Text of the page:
By Mark Bahnisch - posted Thursday, 13 March 2008

If the 2020 summit were to set the aim of coming up with ways to solve almost intractable issues, such as Indigenous disadvantage and the state of the health system, the proverbial brilliant ideas might be necessary. But in the fields of industrial relations and the workplace - central to both the lives of most Australians and to the country’s prosperity and competitiveness - rocket science or a Eureka moment aren’t necessary. Most of what needs to be done is already in the public arena in the form of policy proposals or academic research. The problem, though, is that relationships at work are one of the key policy terrains actively contested politically - even in a post-industrial society.

It’s been little noticed that Julia Gillard and the Rudd Labor Government are already trying to do something quite profound with industrial relations - achieve its effective depoliticisation.

The movement towards business positions over the course of the election year wasn’t just about mollifying powerful interest groups or presenting a centrist face to the electorate, though it was about that. Along with the argy bargy which led to the Coalition discarding WorkChoices as electoral poison, it’s part of a long term strategy to entrench Labor’s IR plan as the template for workplace regulation far into the future - a new Deakinite settlement, if you like.


This is an ambitious objective, and certainly laws which follow the swing of the political pendulum are inimical to the much touted “certainty”, but it also reinforces the urgency and importance of getting policy right.

To ask a Kevin-style rhetorical question, has the government got it right? If the answer were plotted on a spreadsheet with the metrics the PM is so fond of, the answer would be a mixed one - the general principles are there, but there’s still a lot missing (and possibly wanting) in the all important detail. It’s easy enough to come up with slogans like “Forward with Fairness” or to agree that workplace regulation should balance efficiency and equity, but harder to translate those ideals into reality in the face of what is still a very adversarial environment.

In truth, the best ideas for the workplace are also simple ones - keep the system simple, and make sure we’re tapping all the talent we need to. Equity and justice are in fact a key component of both objectives, as I’ll seek to argue. And a straightforward and flexible framework will also contribute both to maximising productivity and to maximising the chances of designing a system that will have broad and long term support.

Former Prime Minister Paul Keating, whose 1993 industrial relations reforms really did represent “fresh thinking”, got it right last year when he argued for a move away from the legalism and over-regulation that has long characterised the IR system. The last thing Labor should do is present Parliament with a 1,200-page monster akin to WorkChoices. But the goals of transparency and simplicity also have policy implications.

The government is on the right track with an emphasis on common employment standards and modernising awards. But industry awards should reflect what they have been intended to do since Keating and Kelty reframed the direction towards bargaining and away from centralised determination of wages and conditions - minima.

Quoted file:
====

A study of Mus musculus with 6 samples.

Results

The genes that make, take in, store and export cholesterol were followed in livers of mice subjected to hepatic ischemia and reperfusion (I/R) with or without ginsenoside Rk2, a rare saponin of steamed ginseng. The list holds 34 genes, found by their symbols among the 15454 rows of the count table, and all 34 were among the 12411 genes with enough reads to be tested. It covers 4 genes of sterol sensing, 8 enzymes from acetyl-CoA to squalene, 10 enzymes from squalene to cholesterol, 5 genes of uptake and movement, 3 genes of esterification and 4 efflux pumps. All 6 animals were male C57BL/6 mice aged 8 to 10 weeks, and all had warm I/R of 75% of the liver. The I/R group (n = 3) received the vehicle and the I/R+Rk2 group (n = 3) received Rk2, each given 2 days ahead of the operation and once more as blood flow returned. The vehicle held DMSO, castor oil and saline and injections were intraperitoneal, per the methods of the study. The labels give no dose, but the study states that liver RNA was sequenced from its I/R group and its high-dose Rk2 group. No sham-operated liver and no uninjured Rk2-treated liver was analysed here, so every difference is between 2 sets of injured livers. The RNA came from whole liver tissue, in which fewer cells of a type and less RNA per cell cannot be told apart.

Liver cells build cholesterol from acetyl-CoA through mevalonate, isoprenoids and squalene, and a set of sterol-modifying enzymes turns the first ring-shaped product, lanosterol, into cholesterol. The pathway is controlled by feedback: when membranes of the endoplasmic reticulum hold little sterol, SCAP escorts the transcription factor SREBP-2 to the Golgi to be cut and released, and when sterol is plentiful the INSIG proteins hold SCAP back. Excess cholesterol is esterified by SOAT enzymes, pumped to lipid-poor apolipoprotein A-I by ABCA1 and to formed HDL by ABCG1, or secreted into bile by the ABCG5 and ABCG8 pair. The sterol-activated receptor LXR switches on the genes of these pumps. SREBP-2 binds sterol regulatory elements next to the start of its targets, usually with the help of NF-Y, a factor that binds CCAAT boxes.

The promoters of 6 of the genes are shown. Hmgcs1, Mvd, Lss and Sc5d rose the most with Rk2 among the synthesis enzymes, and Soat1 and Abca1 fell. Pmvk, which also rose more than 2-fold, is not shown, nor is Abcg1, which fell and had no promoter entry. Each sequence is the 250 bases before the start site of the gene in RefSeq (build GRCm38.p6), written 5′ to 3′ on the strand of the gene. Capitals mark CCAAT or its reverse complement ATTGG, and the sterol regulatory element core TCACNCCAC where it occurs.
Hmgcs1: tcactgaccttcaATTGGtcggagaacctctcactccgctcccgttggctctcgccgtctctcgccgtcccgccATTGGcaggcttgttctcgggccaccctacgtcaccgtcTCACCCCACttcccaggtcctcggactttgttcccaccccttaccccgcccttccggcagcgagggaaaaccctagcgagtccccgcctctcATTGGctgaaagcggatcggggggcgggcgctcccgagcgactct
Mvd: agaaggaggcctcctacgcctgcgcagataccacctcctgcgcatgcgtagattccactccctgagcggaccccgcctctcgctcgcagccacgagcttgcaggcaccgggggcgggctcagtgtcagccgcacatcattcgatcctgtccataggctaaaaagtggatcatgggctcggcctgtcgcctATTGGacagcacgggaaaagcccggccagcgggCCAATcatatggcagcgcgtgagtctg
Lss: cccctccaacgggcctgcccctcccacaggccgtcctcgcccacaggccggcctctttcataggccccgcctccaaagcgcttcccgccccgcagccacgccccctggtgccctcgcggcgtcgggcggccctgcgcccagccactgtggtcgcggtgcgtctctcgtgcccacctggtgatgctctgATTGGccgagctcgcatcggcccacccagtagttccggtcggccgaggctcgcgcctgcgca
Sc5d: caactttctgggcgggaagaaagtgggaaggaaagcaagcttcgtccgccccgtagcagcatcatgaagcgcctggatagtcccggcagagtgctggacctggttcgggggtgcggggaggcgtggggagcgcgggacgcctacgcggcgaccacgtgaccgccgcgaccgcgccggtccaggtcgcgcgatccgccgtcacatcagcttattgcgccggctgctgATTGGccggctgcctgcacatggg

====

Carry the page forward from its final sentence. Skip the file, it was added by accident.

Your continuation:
Industry awards should be just that - setting a minimum wage for a sector - but they should not attempt to stipulate in minute detail either workplace conditions or pay and classification scales. There shouldn’t be any need for complicated transitional arrangements to move away from AWAs and complex flexibility clauses in awards. Rather, industry awards should seek to establish a template for work practices in each sector, and for providing incentives and rewards for innovation, skills acquisition and training. The minutiae are best left to collective bargaining at enterprise level.


Similarly, the overall minimum wage should be set transparently. The AIRC did this better than the Fair Pay Commission - it may have been more legalistic, but it was an open process. Nor should the minimum wage be a residual form of wages policy, enlisted in the war against inflation when the rest of the soldiers have gone missing in action.

As I’ve argued in New Matilda, the government could very usefully reach out to employers to enlist their support in calling a halt to a bidding war for labour in favour of entrenching conditions that matter more to employees than oversized pay rises - such as autonomy, work-life balance and job satisfaction.

This flexible form of corporatism - government as mediator and facilitator - rather than as enforcer of wages bargains - could also be usefully applied to the issue of equity, particularly gender equity. In a number of ways, we’re going backwards when it comes to equity between women and men at work. It was much easier to work towards the goal of equal pay for equal work when the wages system was far more centralised. In particular, horizontal gender inequality - where female dominated occupations receive less than male dominated - could be addressed by work value cases heard in the Industrial Relations Commission.


Dr Mark Bahnisch is a sociologist and a Fellow of the Centre for Policy Development. He founded the leading public affairs blog, Larvatus Prodeo.